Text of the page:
Teaching coding to Thai kids good if teachers are equipped for new role – educational economist
Teaching of computer programming language in schools is a good idea, but schools, teachers and students must be prepared, otherwise the educational gap between privileged and under-privileged students will widened, according to Dr. Kiat-anant Luankaeo, an educational economist at Thammasat University.
To begin with, he asked, do the schools have the infrastructure or the staff needed to teach coding to their students?
Noting that the nature of under-privileged students is that they need closer attention than the privileged students, he questioned who would perform this role, adding that the Singaporean model, which the Education Ministry wants to apply in Thailand, cannot be applied in its entirety and has never been trialed here.
Deputy Education Minister Kalaya Sophonpanich said, during the recent debate on the government’s policy statement, that it was not necessary for all schools to be fully equipped with computers in order to start the teaching of coding as envisaged by the ministry.
The only thing needed is the skill to teach, the minister said in response to a point raised by Future Forward party-list MP Kulthida Rungruangkit, who questioned how the program would work while the Education Ministry has not tackled its structural problems, such as educational inequality and qualifications of teachers.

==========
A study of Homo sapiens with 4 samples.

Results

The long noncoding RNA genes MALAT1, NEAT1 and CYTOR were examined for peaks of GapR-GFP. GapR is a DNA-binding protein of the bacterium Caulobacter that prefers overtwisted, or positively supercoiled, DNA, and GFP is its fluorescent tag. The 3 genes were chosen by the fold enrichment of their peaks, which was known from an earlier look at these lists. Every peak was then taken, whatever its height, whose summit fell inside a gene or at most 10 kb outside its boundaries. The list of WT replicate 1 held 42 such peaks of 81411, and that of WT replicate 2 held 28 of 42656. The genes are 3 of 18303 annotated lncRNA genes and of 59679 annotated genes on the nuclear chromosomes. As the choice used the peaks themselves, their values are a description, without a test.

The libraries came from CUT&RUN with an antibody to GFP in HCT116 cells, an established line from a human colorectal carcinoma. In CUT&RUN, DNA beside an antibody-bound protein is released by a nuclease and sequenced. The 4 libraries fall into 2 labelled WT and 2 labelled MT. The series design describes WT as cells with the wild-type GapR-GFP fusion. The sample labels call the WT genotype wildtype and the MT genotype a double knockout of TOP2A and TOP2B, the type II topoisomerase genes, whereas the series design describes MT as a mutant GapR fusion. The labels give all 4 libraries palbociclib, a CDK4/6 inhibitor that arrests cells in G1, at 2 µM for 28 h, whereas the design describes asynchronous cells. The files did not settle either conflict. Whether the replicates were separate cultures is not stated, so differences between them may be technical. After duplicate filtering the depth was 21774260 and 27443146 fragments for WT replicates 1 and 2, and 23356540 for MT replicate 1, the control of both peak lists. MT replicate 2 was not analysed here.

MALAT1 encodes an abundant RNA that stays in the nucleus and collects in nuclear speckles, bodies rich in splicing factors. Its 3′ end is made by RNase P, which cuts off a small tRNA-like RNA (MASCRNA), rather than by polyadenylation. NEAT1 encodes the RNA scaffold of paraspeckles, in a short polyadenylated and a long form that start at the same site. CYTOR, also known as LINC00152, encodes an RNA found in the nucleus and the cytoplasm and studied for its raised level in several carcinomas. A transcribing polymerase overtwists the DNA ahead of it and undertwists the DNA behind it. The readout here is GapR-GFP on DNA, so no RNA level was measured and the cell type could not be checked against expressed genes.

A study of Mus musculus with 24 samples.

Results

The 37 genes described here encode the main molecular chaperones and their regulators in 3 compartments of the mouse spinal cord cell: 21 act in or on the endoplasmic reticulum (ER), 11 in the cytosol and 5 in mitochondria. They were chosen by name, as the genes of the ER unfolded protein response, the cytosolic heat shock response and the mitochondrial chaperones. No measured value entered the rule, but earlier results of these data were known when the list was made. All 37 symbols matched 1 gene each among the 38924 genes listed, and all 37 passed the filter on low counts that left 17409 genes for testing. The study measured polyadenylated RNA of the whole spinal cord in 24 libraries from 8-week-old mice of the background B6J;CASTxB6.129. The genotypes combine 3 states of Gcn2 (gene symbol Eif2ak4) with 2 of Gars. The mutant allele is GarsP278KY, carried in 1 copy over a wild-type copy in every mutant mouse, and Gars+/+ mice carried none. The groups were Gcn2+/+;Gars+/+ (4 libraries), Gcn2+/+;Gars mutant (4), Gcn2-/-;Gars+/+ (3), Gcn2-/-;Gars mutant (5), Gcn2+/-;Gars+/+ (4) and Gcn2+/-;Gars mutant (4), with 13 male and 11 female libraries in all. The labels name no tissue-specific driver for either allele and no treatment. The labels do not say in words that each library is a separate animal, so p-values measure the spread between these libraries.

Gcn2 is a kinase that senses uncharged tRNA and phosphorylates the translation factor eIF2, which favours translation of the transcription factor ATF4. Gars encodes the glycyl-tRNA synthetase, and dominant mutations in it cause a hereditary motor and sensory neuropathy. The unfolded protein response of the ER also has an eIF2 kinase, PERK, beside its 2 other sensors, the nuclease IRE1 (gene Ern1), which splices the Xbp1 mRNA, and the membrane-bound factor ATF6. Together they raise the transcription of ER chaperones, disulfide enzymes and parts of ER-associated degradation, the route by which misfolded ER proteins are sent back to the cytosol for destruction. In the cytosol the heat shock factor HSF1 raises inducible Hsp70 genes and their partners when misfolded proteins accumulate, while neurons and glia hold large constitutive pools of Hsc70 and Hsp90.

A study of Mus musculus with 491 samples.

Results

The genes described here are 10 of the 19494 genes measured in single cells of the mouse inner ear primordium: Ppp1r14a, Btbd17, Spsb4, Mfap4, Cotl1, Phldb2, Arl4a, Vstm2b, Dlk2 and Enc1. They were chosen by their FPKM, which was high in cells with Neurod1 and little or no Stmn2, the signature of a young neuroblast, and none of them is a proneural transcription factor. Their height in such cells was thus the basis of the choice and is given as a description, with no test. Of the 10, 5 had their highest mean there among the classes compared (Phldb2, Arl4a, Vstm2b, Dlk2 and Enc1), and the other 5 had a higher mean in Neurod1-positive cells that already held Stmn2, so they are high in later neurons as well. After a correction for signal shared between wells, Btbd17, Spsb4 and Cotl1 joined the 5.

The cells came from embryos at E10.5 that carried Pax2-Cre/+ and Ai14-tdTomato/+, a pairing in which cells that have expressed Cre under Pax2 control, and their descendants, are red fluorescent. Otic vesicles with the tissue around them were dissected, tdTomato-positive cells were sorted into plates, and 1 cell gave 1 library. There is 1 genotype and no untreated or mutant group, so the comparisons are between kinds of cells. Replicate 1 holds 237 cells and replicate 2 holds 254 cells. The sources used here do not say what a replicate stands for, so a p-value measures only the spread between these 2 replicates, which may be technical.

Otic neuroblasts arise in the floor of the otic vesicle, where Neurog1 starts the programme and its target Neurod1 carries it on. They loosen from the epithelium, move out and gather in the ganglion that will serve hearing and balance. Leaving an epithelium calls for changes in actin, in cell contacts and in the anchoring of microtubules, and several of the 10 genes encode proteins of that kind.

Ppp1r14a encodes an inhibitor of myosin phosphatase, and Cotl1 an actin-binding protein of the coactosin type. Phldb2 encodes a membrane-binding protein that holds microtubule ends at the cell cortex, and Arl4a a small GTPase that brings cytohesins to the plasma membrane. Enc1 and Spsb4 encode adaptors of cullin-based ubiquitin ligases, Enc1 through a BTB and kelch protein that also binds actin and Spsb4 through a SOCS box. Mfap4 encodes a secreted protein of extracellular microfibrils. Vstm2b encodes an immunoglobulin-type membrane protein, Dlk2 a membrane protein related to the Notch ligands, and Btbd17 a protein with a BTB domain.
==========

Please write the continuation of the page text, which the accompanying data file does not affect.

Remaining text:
Khunying Kalaya insisted that coding will be the third language for Thai students, because it is important knowledge for the 21st century, as she cited the case of Japan and China which have included coding in their curricula for next year.
“As a matter of fact, teaching coding is to teach Thai people to apply logic in solving problems. Teachers do not have to be worried, it won’t increase the burden on them, but will give them a new skill – a skill for the future in a digital world,” she said during the debate.
Dr. Kiat-anant, however, thought differently and admitted that he was worried. Talking to Thai PBS, he pointed that, before coding is incorporated into the curricula for Thai students, the Education Ministry must consider whether the schools are ready to accommodate coding, whether teachers have the skills needed to teach, whether there are enough computers and whether students are ready to absorb the teaching.
If the Education Ministry is determined to push through the teaching of coding as a third language as a priority, Dr. Kiat-anant proposed that the project to be implemented in three phases.
The first phase is a trial period, during which officials must assess the structural problems, such as the readiness of teachers and availability of computers in schools.
The second phase is for coding to be taught in pilot schools to find the proper model to be applied to schools nationwide, said the educational economist.
He added that the teaching should not be limited to online teaching because students are not equally enthusiastic about their education, they are not equally capable of absorbing the new skill and, hence, are in need of closer supervision.
The final phase is to apply the tested model to all schools across the country.